In this article, we are going to be having a look at benchmarking. More specifically, we are going to be looking at how you can benchmark your go based programs.

In times where performance is important, being able to benchmark how your program performs and analyze where potential bottlenecks are, is important. By understanding where these bottlenecks lie, we can more effectively determine where to focus our efforts in order to improve the performance of our systems.

It’s important to note that performance tweaking should typically be done after the system is up and running. “Premature optimization is the root of all evil” - Donald Knuth

A Simple Benchmark

Within Go, benchmarking tests can be written in conjunction with your standard unit tests. These benchmark functions should be prefixed by “Benchmark” followed by the function name, in the same manner, that you would prefix Test for your test functions.#

Let’s take our code from our previous article on testing and try to write a simple benchmark function for that

package main

import (

// Calculate returns x + 2.
func Calculate(x int) (result int) {
    result = x + 2
    return result

func main() {
    fmt.Println("Hello World")

If we wanted to benchmark our Calculate function then we would do something like so:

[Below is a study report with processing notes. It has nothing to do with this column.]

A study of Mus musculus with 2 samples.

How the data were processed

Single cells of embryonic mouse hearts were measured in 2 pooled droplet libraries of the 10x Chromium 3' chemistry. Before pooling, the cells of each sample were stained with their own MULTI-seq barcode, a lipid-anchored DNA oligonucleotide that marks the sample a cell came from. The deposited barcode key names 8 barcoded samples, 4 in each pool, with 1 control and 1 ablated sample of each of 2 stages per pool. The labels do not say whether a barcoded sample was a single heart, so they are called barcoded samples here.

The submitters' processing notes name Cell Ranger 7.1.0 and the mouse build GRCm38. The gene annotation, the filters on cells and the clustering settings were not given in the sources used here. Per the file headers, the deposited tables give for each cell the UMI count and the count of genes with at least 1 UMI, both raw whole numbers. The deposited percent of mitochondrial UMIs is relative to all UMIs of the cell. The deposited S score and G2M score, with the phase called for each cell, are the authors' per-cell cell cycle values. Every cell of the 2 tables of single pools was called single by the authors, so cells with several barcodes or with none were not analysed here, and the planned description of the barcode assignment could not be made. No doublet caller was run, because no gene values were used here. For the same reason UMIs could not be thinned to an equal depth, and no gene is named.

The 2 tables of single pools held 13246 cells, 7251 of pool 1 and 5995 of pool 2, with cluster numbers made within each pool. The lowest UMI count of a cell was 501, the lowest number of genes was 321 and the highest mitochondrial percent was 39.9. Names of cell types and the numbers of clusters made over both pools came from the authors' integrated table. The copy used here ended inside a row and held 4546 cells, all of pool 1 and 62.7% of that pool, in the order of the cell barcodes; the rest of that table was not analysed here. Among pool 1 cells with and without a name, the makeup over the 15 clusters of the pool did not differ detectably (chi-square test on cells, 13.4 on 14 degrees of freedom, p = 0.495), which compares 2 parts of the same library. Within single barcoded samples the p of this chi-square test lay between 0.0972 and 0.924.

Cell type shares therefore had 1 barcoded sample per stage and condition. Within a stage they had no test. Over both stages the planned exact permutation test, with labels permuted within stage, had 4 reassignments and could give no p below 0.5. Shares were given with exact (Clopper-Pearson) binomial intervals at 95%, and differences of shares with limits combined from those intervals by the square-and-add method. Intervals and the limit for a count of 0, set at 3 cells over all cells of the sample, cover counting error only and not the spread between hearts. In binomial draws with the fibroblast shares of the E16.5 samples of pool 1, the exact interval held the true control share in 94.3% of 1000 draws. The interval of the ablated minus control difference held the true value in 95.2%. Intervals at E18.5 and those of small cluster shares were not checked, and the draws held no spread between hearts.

func BenchmarkCalculate(b *testing.B) {
    for i := 0; i < b.N; i++ {

In order for us to run our new benchmark, we could simply run go test -bench=. and it would run all benchmarks within our package for us. This should return something like so:

Elliots-MBP:go-testing-tutorial elliot$ go test -bench=.
goos: darwin
goarch: amd64
BenchmarkCalculate-8    2000000000               0.30 ns/op
ok      _/Users/elliot/Documents/Projects/tutorials/golang/go-testing-tutorial  0.643s

As you can see, it ran our Calculate() function 2000000000 times at a speed of 0.30 ns per operation. The entire benchmark took just 0.653s in order to run through.

Obviously, as more benchmarks are added to our suite, or the complexity of our functions increases, you should see these benchmarks taking longer and longer.


Hopefully this article gave you some indication as to how you can go about implementing your own suite of benchmarks. If you require further assistance then please let me know in the comments section below!